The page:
Meet Michael Cohen: A Place to Read

Editorial Assistant, Sarah Trapski, had a chat with veteran essay writer, lecturer, and author, Michael Cohen, about his latest work, A Place to Read.

A Place to Read is a collection of essays reflecting Cohen’s life and inner thoughts. He poses difficult questions and shed light on subjects that are otherwise overseen. Prior to this collection, several individual essays have been published in Harvard Review, Birding, The Humanist, and The Missouri Review with rave reviews.

Michael Cohen’s essays on the reading life are a treat to read. Relaxed, personal, wide-ranging, they contain fascinating nuggets of information and lively assessments of hundreds of books, as well as a whole life’s worth of thoughtful rumination on time, love, travel, and family, as well as what it means to be, almost existentially, a reader.
– Christina Thompson, Editor, Harvard Review

Sarah Trapski: What are your favourite essays in A Place to Read?
Michael Cohen: I like the turn away from the personal and back again in “My Hypochondria.” And the sudden turn into the personal at the end of “The Place Where It Happened.”

ST: You write about some very personal topics, for example your father’s murder, and your experience with hypochondria. How do you feel about sharing such intimate experiences? And have you had feedback from readers about these subjects?
MC: “Amusing notion,” writes Montaigne, “many things that I would not want to tell anyone, I tell the public; and for my most secret knowledge and thoughts I send my most faithful friends to a bookseller’s shop.” It is a surprise what gets dredged up when you begin writing about yourself; the form, as Montaigne proved so convincingly, is a method of self-exploration. Not that I approve of essay writing as a confessional exercise.I even have mixed feelings about those I called the Agonists in a Missouri Review essay a few years ago. 

Nancy Mairs and the Joan Didion of The Year of Magical Thinking are examples of people performing their suffering. It may be a compulsion, but I don’t think it’s a consolation, and it’s difficult to make it into art. C. S. Lewis said all three of those things in A Grief Observed. My friends who know me as somewhat reserved have expressed surprise at what I have revealed about myself in these essays. Most readers, I think, have come to expect that sort of thing.

ST: Did you have an overall book or set of themes in mind as you wrote the individual essays, or did the book form organically?

MC: I did not see the book coming. That the essays I had published in little magazines formed a kind of memoir was as much of a surprise as that the theme of reading gave them a sort of unity.

ST: Collecting essays in book form is not as popular as it used to be. Do you see this as an endangered species?

MC: There are mixed signals. Robert Atwan’s yearly Best American Essays series has been going strong since 1987 and attests to continued or renewed contemporary interest in good examples of the form. I believe you have a comparable Australian series started by Black, Inc. and continued by Penguin. And creative writing programs are devoting more attention to nonfiction. But the ubiquitous journalistic and political essays that infest the web and print media often lack any sense of form and even logical sequence.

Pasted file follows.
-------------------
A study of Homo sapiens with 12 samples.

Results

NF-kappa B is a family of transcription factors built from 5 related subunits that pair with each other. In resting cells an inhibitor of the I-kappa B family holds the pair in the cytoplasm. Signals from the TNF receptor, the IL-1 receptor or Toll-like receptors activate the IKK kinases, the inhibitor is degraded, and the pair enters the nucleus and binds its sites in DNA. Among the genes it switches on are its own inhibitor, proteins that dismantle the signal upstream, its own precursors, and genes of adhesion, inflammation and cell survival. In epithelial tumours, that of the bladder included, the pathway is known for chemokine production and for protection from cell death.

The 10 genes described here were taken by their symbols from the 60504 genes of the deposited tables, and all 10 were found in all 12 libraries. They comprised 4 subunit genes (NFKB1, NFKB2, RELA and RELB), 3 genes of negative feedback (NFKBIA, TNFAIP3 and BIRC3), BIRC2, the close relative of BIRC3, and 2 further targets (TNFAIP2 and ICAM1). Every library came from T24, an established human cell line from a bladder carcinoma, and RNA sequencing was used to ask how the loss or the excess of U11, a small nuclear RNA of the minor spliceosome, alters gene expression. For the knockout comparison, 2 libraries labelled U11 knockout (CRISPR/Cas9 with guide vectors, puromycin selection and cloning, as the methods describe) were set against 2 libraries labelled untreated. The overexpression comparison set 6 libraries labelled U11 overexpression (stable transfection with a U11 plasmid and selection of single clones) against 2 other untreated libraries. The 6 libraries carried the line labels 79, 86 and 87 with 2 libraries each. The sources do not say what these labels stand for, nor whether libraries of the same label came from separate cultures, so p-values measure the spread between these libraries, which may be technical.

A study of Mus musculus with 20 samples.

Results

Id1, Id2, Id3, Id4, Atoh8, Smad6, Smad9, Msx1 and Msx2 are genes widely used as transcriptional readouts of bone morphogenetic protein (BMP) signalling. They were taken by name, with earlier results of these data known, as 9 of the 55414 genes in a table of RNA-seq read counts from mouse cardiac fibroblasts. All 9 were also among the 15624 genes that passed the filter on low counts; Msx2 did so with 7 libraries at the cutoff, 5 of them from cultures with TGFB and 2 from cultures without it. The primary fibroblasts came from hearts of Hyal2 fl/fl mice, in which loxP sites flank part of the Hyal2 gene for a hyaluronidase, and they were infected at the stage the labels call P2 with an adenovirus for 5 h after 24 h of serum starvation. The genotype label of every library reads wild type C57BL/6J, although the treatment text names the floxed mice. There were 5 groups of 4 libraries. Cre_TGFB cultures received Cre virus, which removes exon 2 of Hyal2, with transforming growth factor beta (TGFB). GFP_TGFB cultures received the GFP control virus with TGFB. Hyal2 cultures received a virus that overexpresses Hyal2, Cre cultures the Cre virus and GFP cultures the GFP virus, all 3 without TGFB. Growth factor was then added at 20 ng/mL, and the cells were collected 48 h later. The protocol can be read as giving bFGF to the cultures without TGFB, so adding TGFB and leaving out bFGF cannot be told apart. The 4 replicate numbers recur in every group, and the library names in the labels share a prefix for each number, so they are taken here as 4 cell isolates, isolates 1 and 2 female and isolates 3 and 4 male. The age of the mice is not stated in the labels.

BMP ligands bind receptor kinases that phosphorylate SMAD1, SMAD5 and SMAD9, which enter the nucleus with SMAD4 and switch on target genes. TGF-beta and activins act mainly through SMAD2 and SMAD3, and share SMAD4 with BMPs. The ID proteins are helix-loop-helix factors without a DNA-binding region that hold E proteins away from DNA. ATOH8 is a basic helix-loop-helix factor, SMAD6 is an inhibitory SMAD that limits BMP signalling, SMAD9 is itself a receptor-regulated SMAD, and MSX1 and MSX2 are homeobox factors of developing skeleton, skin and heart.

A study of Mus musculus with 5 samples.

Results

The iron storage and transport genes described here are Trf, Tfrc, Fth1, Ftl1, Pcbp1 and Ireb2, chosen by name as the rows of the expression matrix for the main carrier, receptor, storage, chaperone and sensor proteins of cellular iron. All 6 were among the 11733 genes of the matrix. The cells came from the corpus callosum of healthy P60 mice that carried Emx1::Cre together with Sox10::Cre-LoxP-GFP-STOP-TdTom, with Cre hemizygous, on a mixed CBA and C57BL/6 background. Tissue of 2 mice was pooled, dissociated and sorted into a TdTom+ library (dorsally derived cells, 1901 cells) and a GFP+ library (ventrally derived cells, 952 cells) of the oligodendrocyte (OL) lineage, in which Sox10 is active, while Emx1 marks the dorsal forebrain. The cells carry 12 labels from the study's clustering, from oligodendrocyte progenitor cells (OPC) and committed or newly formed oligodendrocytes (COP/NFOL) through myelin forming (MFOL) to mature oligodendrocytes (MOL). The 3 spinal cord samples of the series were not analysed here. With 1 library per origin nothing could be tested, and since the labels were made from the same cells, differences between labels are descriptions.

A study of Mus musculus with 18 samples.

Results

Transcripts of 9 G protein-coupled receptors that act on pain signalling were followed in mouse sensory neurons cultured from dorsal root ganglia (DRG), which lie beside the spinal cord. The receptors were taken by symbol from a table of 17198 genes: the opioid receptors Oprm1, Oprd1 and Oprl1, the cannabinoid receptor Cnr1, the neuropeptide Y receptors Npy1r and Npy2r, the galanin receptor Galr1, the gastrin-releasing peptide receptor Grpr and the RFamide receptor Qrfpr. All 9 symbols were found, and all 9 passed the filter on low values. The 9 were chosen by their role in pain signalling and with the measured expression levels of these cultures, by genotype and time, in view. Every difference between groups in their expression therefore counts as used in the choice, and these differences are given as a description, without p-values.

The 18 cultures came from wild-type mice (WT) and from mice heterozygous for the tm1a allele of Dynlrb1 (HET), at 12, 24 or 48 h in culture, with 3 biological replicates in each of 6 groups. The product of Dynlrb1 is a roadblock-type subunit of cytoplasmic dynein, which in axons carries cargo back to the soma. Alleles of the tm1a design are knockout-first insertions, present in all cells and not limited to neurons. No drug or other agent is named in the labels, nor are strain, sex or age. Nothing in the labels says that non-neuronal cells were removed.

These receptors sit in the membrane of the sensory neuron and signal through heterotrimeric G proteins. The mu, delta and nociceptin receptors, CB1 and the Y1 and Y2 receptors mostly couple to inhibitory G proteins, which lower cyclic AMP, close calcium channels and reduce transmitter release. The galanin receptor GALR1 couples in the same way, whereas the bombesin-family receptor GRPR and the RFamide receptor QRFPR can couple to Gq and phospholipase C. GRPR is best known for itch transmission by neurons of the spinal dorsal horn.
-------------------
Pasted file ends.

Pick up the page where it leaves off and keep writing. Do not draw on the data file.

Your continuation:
The essay’s strength in the past has come partly from the conscious, formal awareness of its so-different kinds of writers on topics from every discipline and field of interest. Good models train readers before they train writers. And right now there are not enough readers who like essays to push many publishers into taking a chance with essay collections. Before David Reiter took a chance with mine, I hate to tell you how many publishers said, “Wow, these are good essays and they’ve appeared in really good magazines. But we can’t take them. The market’s too soft for essay collections.”

ST: A link to your blog is posted on A Place to Reads mini site. Do you feel blogging is a new form of essay writing?

MC: No. But blogs can be the raw material of essays.

ST: Some writers of fiction work organically rather than with a systematic plan in their composing? What is your preferred method, and do you see the essay as a form better suited to one strategy of composition than the other?

MC: Rarely an essay comes out of my mind and onto paper in a single sitting. Strenuous revision may not change its initial structure and flow. Other times I collect thoughts and scenes that seem to have a topical or thematic connection and then sit down to see if they can be made to cohere into an essay. Except for those rare spontaneous essays, I never work initially from a plan but try to find it in the material. When I put things together, expand, refine, I usually find the plan has to be modified and the structure changed. An essay is like a poem in that it has to convince you that its particular form is the one the subject demands, but other than that observation I can’t make comparisons because I have written very little fiction or poetry.